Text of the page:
Don’t you just hate it when you buy fresh baby spinach or a nice steak and it goes bad before you can eat it? It’s not only an unfortunate waste of your food and your money. It also harms the environment.
Reducing food waste at home can be tricky. According to the EPA, up to 40 percent of the U.S. food supply is wasted every year—and a lot of that happens in our own kitchens.
Fortunately, advances in packaging (particularly plastic packaging) make it easier to keep healthful foods fresh longer in your pantry or fridge. In other words, reducing food waste at home starts at the grocery store… often by choosing the right packaging. Here are a few simple examples:
1. Leafy Greens
A head of lettuce on its own gets slimy pretty fast. But those plastic bags/packages with pre-washed greens actually help regulate the amount of air your leafy greens are exposed to. It’s called “modified atmosphere packaging,” and it keeps produce crisp and delicious much longer.
When storing fresh cucumbers, even in your fridge, they start losing moisture and within days turn bad and slimy (there’s that word again). Unless they’re swaddled in thin, lightweight plastic wrap. In that case, they sometimes can last for weeks. That plastic wrap basically helps keep the moisture and flavor in your cucumbers (where they belong).
Keeping berries fresh used to be a pain. It’s a bit easier now with the new-ish packaging they’re sold in. With berries, it’s not so much about keeping all moisture in—it’s more about letting out just the right amount. Those vented plastic clamshell containers are specially designed for that. So keep the berries in the container and store them in the fridge if you’re not going to eat them right away.
You may remember when grocery stores just piled mounds of grapes on a shelf and shoppers picked a bunch or two off the top. Not anymore. Grapes last longer when air circulates around them to prevent mold. That’s one reason most grapes today are sold in ventilated plastic bags. The folks behind National Fresh Fruit and Vegetable Month advise us to “place fruits and vegetables in separate, perforated plastic bags” when refrigerating them. (Anybody with their own month must know what they’re talking about…)
5. Meat, fish, and poultry
When animal proteins go bad, things get ugly. The sniff test feels like playing Russian roulette. And large chunks of your food budget end up in a dumpster. To avert this travesty, these foods increasingly are sold in lightweight vacuum packaging, a skin-like covering that acts as a barrier against air (and other contaminants). Less air = less waste of your sirloin, swordfish, or chicken tenderloins.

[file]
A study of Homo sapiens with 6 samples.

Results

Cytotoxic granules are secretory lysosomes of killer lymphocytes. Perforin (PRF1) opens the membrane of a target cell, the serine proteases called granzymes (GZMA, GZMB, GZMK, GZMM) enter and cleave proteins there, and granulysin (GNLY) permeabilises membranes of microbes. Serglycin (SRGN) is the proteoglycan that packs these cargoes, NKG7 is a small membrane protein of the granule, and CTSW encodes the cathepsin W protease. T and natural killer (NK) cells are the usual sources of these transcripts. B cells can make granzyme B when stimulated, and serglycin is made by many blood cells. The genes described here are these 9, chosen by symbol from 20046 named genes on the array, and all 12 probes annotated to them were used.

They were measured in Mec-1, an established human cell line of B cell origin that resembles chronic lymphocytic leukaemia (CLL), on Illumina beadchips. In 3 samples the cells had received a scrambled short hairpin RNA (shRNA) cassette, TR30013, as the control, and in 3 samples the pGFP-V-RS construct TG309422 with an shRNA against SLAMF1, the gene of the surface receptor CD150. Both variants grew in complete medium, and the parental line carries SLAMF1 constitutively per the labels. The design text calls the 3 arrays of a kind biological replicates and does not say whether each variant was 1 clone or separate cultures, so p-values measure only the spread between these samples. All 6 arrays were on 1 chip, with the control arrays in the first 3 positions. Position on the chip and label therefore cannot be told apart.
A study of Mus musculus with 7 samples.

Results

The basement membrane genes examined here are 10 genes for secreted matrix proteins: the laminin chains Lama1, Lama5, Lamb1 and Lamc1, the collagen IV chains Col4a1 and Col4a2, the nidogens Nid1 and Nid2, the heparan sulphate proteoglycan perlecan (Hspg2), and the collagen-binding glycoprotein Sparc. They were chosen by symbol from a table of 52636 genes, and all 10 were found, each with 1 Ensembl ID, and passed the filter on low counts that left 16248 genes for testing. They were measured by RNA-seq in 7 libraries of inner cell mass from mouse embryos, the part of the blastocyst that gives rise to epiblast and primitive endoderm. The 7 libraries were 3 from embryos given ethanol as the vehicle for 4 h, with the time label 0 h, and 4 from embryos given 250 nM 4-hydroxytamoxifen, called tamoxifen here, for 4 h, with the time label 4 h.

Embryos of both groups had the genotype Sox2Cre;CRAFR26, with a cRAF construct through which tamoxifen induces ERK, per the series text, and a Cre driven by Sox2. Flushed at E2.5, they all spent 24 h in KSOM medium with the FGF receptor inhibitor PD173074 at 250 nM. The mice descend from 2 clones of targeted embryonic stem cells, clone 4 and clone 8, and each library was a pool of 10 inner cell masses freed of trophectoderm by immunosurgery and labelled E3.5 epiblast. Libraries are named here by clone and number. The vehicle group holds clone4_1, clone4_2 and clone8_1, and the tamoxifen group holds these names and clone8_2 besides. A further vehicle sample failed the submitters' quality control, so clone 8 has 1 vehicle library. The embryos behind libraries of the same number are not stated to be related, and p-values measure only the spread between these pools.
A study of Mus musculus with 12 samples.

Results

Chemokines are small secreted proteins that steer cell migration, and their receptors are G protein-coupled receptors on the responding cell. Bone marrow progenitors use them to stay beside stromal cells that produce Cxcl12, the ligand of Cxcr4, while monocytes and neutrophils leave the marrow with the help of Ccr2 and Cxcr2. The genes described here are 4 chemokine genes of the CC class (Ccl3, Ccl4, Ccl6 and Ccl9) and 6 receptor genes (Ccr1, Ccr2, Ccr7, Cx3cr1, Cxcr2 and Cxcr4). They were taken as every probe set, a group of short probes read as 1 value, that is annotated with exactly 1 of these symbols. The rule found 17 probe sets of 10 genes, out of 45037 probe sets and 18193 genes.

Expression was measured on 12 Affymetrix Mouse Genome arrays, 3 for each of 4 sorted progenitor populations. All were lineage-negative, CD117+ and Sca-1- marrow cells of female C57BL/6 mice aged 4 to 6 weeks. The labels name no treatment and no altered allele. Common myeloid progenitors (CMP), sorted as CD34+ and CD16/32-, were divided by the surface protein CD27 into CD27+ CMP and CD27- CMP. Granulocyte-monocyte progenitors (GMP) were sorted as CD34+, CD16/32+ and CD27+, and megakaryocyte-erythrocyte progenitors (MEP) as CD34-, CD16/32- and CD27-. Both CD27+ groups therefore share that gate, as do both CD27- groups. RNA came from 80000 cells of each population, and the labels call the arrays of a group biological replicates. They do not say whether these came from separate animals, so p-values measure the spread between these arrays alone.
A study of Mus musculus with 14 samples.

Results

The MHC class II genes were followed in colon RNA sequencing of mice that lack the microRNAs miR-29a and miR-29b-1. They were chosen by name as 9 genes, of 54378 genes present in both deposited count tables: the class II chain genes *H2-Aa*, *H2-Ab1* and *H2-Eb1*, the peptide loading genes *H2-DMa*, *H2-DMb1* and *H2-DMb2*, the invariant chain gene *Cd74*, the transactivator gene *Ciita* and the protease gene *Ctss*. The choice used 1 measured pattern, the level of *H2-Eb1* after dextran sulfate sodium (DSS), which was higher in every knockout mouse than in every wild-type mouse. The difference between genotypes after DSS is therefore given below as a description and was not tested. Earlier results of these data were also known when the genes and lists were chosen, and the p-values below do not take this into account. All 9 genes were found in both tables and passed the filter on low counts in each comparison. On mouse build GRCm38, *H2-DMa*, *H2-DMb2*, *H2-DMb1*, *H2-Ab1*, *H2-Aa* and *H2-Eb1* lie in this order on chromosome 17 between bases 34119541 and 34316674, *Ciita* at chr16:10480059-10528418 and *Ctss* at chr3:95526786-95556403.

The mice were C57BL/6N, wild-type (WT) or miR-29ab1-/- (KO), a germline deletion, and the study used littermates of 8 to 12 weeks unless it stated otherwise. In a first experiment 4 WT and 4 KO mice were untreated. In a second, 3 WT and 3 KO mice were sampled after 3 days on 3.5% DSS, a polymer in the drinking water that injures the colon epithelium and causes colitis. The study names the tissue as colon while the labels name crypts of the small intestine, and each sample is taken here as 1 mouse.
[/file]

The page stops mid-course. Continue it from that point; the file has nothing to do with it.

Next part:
Nuts, trail mix, dried fruit, snack meats, protein powders: all tasty and healthy. (Well, “tasty” depends on the protein powder.) But not all packaging is equally adept at keeping them fresh. A solution: look for these and other snacks in re-sealable pouches. The plastic zipper pouches allow you to use just what you need, squeeze out most of the air, and then easily seal the bag to help keep the rest fresh.
Wine in plastic packaging? Well, if you want to keep an open container of wine from spoiling quickly, a good bet is that box of wine on your grocer’s shelves. Of course, the wine in those boxes is not really touching the cardboard (duh). The box basically holds a plastic bag and spigot that do a good job of protecting the wine from oxygen, so wine typically lasts longer than it does in uncorked bottles. (Fortunately, wine in a box is no longer primarily “plonk.” Even Wine Spectator has nice things to say about it.)
So… reducing food waste at home starts at the grocery store, often by choosing the right packaging. Just a little bit of plastic packaging can prevent a whole lot of food waste. With minor adjustments to your shopping routine and tweaks to your storage habits, you can help extend the life of your food.
And stave off “slimy” a bit longer.
See more about the different plastic bags, wraps, and containers that can help your leftovers last longer.